Petro developer takes to the air to update community

Posted on Thursday, September 24, 2020 at 11:35 am

Monteagle, Tenn. – Though started before the COVID-19 season opened wide in the US, there had been a flurry of anger and hostility about the incoming Petro Stopping Center off the interstate in Monteagle. Though the process had been underway since the beginning of the year, a franchise agreement was formally promoted by Petro in May with a press release. The release cited Rodney Kilgore and Brian and Tammy Graber as primary developers of the new property.

The property boasted 125 jobs, bringing a Papa John’s, Bojangles’ and Betty’s Chicken along with a barbershop, fitness center, driver’s lounge, laundry facilities and even a pet wash. Arguable most prominently, the center promised 300 truck parking spaces. Not to mention that the increased retail tax would undoubtedly help the local economy. Brian Graber took the opportunity on a local cable access program to update the status of the project. Brian Graber acknowledged that there was a certain degree of ambiguity to the timeline of the project but stated resolutely that the project was still continuing.

Graber gave a little history to the project. The partners in the project went to both Marion County Mayor David Jackson and then Monteagle Mayor David Sampley to layout the broad strokes of what they hoped to bring to the area and felt like there was support for the concept. The partners moved forward working with Southeast Tennessee Development District working with the state on permits and procedural reviews. The property just west of exit 135 on I-24 was secured in a purchase which included “10 to 12 parcels” which was already zoned commercial according to Graber.

“Petro was very excited,” Graber began, “…and Petro is the Lexus of stopping centers.” Graber recalled several trips the partners made throughout the United State to get owner input as to which title property to settle on between “TA” and “Petro Stopping Center” as both were under the umbrella of TravelCenters of America. Graber indicated there was really no debate as to what caliber of center the local investors wanted to bring. “We wanted to be good neighbors…,” Graber stated regarding the environment they hoped to cultivate at the new center. Graber said that state planners came on board with the preliminary plans and that estimates of as much as $1.2 million in retail sales per month could translate to around $18,000 per month in local tax revenue.

However, not everyone was on board. Most namely were local residents that had property near or adjacent to the proposed development site. Graber mentioned that a demand for an aesthetic wall being built between the commercial property and the residential developments nearby was something that local developers agreed to very early in the process. “We immediately agreed to the wall and some other [consideration],” Graber said. However, a question of the zoning of the property was brought into question by those opposed to the development. Graber said as developers researched the zoning claims, it turned out that the property had actually been zoned commercial in an effort to prevent a residential housing development from being built near the residences already built. As Graber put it, “Now they were upset because they got what they wanted.” Graber indicated that the zoning issues were something that was firmly established in the property purchase process. “When we purchased the property, title insurance investigated and signed off that the parcel was all commercial,” Graber said.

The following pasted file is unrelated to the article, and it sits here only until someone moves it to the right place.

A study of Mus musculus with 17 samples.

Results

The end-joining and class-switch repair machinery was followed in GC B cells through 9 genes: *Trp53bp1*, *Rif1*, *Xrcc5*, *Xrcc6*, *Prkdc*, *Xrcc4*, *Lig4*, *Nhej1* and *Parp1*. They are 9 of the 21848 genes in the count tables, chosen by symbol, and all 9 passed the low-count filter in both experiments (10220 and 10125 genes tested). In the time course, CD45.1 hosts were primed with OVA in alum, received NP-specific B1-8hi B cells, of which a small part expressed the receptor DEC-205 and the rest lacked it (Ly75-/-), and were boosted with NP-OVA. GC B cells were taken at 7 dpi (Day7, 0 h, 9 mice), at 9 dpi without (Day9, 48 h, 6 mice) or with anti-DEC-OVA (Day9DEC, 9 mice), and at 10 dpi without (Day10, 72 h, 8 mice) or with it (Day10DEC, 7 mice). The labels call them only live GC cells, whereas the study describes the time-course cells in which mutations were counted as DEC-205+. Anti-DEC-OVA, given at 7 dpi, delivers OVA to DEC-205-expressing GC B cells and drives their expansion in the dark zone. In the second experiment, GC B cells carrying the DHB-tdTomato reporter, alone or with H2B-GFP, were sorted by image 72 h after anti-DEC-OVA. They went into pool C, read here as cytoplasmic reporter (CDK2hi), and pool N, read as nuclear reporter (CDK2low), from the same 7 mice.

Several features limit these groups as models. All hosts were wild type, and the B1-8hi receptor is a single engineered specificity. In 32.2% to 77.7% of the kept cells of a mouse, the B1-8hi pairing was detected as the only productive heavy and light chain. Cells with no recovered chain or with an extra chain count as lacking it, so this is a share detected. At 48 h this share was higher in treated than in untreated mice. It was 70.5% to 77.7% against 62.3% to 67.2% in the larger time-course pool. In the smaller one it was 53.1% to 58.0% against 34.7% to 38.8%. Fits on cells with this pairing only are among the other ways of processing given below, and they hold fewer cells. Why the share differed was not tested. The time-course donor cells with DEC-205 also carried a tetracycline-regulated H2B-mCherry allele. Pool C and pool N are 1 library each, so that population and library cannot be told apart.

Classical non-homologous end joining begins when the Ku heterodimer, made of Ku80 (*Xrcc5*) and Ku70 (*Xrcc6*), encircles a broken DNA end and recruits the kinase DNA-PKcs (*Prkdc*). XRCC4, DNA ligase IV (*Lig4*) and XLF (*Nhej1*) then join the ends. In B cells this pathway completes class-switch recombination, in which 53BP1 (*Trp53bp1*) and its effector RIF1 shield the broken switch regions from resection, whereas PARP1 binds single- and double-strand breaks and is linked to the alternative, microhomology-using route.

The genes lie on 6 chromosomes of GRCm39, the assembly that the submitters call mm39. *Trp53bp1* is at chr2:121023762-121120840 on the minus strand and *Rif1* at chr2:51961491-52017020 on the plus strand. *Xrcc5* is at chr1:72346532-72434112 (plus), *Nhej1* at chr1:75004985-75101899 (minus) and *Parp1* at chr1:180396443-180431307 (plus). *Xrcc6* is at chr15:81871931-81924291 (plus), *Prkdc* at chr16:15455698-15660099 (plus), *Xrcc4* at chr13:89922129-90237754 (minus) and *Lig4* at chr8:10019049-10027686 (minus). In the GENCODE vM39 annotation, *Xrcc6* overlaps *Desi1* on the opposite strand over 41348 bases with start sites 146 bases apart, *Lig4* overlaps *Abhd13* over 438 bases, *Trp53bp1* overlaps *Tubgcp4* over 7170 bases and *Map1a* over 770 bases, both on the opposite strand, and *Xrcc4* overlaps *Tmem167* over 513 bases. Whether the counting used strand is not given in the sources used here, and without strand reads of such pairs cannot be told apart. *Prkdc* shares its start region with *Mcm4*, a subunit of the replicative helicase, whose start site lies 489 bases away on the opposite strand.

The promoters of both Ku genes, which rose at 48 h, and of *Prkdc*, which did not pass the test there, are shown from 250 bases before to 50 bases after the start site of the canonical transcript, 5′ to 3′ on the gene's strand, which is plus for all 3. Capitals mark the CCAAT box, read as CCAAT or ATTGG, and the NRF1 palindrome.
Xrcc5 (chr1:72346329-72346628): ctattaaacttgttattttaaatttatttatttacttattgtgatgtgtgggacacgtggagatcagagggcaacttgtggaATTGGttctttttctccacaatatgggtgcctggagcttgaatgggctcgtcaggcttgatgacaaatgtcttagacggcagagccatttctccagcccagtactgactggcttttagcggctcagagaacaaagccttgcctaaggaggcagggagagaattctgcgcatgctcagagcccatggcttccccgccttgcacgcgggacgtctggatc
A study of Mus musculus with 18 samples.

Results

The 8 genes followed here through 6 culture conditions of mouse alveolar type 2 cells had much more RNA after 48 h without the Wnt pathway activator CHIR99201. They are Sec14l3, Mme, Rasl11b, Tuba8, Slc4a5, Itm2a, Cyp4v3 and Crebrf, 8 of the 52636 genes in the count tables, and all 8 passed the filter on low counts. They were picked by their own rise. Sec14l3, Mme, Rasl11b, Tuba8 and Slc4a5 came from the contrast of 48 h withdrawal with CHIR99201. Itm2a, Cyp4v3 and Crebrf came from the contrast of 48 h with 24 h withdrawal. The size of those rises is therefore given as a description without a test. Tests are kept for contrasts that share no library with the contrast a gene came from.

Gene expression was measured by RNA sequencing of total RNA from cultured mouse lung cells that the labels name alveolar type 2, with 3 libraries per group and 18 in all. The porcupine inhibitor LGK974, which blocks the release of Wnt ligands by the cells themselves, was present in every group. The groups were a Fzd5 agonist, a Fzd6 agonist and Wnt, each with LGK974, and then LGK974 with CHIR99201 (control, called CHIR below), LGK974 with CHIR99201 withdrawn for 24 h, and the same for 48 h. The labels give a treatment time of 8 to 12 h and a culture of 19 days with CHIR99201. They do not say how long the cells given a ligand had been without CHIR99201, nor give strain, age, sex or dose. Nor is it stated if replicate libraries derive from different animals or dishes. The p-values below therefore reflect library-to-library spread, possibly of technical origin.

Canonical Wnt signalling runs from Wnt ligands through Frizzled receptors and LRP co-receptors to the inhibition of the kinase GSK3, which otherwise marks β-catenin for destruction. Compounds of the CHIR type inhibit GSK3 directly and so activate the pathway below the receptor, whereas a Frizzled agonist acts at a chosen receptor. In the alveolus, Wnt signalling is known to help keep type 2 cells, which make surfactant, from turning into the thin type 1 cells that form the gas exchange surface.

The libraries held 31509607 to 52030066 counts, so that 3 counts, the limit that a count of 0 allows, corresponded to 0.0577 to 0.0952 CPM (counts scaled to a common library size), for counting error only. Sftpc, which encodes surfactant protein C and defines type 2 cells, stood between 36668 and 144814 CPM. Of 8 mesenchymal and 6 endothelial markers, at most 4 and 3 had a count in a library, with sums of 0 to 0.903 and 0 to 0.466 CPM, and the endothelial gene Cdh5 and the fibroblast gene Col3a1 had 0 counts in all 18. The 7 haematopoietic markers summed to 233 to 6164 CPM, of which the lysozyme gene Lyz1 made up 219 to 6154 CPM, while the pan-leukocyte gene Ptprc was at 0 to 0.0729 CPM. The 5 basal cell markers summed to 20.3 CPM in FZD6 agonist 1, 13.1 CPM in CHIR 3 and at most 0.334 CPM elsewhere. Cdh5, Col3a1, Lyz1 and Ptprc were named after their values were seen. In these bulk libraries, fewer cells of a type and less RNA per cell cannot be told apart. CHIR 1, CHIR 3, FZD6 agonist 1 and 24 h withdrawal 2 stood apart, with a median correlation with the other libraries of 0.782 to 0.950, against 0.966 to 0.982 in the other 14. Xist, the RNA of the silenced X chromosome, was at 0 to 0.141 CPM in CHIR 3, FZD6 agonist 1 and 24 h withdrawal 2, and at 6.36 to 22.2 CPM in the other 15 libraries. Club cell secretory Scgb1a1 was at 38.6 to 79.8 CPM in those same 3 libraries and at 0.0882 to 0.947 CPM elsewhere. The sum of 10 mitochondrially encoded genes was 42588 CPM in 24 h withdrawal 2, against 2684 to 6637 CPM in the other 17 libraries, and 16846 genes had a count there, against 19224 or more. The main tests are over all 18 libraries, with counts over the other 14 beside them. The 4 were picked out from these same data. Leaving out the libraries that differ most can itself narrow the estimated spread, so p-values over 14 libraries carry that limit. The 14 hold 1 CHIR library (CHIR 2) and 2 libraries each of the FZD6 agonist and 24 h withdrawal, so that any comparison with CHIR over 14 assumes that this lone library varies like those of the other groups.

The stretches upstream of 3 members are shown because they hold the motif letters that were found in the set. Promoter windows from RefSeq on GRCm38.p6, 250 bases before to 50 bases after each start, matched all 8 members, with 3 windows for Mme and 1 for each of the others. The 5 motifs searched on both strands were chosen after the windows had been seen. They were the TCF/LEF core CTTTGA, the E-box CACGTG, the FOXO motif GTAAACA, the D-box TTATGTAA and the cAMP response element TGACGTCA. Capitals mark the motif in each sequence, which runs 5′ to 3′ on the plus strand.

Graber was quick to follow up with the people that he had met with regarding the project and its location are “good people.” Graber said he had met with local residents for “two-and-a-half hours” and felt like there were no differences that could not be worked out. Graber added he had already taken some guidance from nearby homeowners including the wall and even the direction of lampposts to try and minimize the effects of the center on nearby homes. Graber seemed to indicate that most of the distance between nearby homes could be resolved. However, the timeline being disrupted seems to be lying at the feet of the city.

“We dropped off five sets of plans to the city… and I received a receipt for them,” Graber said. Graber said that now Monteagle Mayor Tony Gilliam had acknowledged to him and his partners that the city is the hold up on moving forward on the project. Graber went a step further saying that he was promised a phone call to schedule a meeting with the city and “hash things out.” However, Graber is still waiting for the call which was promised “tomorrow” several days ago. Graber said the needed to have the meeting “relatively soon or we’re going to have to file suit.” Efforts to reach out to Mayor Tony Gilliam were not immediately answered.